January 15, 2024

It's been a decade since React came onto the scene in the web development realm, and it has had a massive effect on how we build and the discourse around building for the web platform. But 'React fatigue' is becoming an increasing topic with the recent RSC (React Server Components) move that has divided the community, with some developers embracing the change and others viewing it with scepticism.

The Death of Flash

The advent of the iPhone ended Flash, a technology once ubiquitous for creating interactive web content. Apple's decision not to support Flash on its devices was a significant turning point for design. The need for branded, animated experiences was still needed, but the toolset at the time required to be improved: no custom fonts, no flexbox, no grid, scaling CSS was in its infancy, and you had to support IE 6-11.

This shift intensified the demand for technologies capable of filling the void left by Flash, setting the stage for JavaScript and React to revolutionise web application development.

Mobile-First Era and APIs

On the flip side of iOS, businesses had to develop REST APIs for their sites. As a side effect (pun heavily intended), having access to all the content and functionality, one could build a website in JavaScript, and you could couple the reactivity of the language with the newer CSS animation props, and we began to get some of those richer interactive experiences back.

Component-Based Architecture and JSX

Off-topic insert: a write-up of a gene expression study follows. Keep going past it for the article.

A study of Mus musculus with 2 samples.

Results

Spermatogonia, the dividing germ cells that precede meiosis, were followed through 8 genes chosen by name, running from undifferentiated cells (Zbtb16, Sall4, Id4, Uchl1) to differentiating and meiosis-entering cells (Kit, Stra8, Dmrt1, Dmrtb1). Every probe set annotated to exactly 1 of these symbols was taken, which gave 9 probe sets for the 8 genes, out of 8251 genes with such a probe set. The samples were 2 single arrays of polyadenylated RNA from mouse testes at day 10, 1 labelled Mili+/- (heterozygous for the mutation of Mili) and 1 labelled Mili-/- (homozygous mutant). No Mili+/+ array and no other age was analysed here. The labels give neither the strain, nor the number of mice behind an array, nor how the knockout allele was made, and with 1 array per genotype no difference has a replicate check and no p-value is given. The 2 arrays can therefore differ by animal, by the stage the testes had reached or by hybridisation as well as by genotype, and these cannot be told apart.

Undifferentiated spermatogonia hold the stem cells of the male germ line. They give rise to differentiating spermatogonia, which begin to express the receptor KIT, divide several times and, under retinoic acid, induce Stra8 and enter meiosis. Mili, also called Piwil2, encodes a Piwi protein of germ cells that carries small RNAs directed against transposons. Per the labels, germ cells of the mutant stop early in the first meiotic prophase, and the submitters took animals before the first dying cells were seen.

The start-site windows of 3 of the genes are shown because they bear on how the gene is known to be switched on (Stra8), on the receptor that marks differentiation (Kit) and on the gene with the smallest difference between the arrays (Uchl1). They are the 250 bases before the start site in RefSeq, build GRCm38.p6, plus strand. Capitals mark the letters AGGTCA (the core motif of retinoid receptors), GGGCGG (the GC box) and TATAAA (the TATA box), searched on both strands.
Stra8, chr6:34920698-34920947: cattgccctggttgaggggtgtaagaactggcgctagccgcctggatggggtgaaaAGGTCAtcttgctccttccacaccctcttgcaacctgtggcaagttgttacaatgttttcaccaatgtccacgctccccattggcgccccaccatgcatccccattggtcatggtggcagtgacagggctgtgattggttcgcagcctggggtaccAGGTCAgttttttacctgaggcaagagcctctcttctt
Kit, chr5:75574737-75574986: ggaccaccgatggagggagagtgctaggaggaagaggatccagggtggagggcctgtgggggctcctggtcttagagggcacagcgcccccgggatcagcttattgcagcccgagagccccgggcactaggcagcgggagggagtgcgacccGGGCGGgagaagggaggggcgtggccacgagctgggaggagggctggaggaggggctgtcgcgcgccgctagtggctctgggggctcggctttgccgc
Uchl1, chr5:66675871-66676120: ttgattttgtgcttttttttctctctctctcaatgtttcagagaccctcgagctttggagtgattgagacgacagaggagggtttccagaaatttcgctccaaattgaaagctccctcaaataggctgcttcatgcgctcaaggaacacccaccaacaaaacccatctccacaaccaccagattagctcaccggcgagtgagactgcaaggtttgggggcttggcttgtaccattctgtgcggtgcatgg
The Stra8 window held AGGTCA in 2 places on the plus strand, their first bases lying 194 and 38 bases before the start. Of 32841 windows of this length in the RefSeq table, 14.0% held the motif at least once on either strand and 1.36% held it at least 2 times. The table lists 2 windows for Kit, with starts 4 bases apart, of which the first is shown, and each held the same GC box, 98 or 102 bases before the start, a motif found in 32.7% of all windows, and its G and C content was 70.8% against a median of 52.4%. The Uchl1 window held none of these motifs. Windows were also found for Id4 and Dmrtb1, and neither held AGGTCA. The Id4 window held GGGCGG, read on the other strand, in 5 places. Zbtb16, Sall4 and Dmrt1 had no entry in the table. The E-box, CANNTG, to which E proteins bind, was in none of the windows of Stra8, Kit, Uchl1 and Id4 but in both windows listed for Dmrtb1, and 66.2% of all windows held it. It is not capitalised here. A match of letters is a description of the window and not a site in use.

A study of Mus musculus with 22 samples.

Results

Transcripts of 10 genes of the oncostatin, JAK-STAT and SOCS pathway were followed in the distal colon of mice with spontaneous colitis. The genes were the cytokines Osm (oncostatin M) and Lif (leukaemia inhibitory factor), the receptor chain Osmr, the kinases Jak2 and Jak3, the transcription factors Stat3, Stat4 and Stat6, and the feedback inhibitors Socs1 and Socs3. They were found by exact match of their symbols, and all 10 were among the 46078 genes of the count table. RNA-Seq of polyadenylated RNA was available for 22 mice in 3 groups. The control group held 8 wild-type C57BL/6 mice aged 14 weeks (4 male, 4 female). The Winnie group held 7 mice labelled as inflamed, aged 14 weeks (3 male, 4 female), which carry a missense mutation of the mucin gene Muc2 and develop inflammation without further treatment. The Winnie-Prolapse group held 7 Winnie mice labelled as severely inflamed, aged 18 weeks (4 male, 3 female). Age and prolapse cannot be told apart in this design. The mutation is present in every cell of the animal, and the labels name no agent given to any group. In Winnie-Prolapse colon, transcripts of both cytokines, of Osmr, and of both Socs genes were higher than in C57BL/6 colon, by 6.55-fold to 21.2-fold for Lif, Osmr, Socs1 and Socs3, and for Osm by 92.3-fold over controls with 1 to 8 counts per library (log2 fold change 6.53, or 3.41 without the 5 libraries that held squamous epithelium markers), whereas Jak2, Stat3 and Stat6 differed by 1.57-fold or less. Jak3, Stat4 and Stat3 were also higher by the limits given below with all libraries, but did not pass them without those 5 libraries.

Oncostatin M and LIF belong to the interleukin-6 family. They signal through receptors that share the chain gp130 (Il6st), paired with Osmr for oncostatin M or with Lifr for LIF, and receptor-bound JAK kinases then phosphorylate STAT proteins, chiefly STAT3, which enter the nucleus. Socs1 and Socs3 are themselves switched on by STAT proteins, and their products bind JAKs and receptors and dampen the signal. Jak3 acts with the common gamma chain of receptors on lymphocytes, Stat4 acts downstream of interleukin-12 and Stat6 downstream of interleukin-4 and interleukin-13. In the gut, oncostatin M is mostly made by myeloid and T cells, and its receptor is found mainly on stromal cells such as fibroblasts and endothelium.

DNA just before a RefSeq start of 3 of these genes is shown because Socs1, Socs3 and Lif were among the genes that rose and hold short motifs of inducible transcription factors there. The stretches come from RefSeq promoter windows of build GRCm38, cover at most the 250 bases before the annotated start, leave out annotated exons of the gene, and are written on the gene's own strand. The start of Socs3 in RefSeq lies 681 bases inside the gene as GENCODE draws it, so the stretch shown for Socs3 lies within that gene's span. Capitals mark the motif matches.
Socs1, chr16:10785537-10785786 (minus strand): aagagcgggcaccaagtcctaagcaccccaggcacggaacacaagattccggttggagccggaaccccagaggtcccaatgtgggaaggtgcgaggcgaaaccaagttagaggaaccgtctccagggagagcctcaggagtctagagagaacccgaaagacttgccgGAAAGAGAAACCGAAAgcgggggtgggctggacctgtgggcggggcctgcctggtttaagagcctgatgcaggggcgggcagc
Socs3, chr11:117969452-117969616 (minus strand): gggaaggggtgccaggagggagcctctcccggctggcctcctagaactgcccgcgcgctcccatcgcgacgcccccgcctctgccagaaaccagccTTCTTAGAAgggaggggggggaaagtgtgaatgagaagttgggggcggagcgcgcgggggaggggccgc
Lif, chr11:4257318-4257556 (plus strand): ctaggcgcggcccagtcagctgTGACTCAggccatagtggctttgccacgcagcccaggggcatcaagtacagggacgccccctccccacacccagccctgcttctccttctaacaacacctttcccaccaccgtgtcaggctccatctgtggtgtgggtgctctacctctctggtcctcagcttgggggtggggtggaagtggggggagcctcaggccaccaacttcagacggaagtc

Templates were nothing new in serverside languages, but how we thought and talked about them changed with JavaScript. Product design was becoming a thing, larger teams working on multiple products — all needing to standardise for brand and efficiency reasons. Patterns, components, and libraries all became a thing.

React's use of JSX, blending HTML with JavaScript, lent itself to this thinking. The syntax and use of props made it easier for multi-disciplinary teams to talk about the same thing.

JavaScript runs the World (Wide Web).

Except it doesn't. WordPress runs around 43% of websites, with JS running sites around less than 10% (not the best measure as it doesn't account for complexity or traffic). However, it's undeniable that React still plays a crucial role in shaping modern web development practices. Its influence is seen in how we approach user interfaces, handle state management, and even think about design patterns in the context of web applications.

But does that mean React is on its way out? With plenty of alternate solutions within JavaScript to pick from (Svelte, Vue, Solid, to name a few), and with the web platform itself providing new CSS features and animation capabilities like View Transitions, going with frameworks like Laravel or if you are really trendy, HTMX and Go and still get all the benefits of a component led approach.

Probably not. jQuery is still kicking, and unlike jQuery, React has evolved, and the new paradigms reflect the changing needs and development approaches.

And the boring take: it doesn't matter if you learn the fundamentals; picking tools becomes about what the project needs. Plus I really like JSX.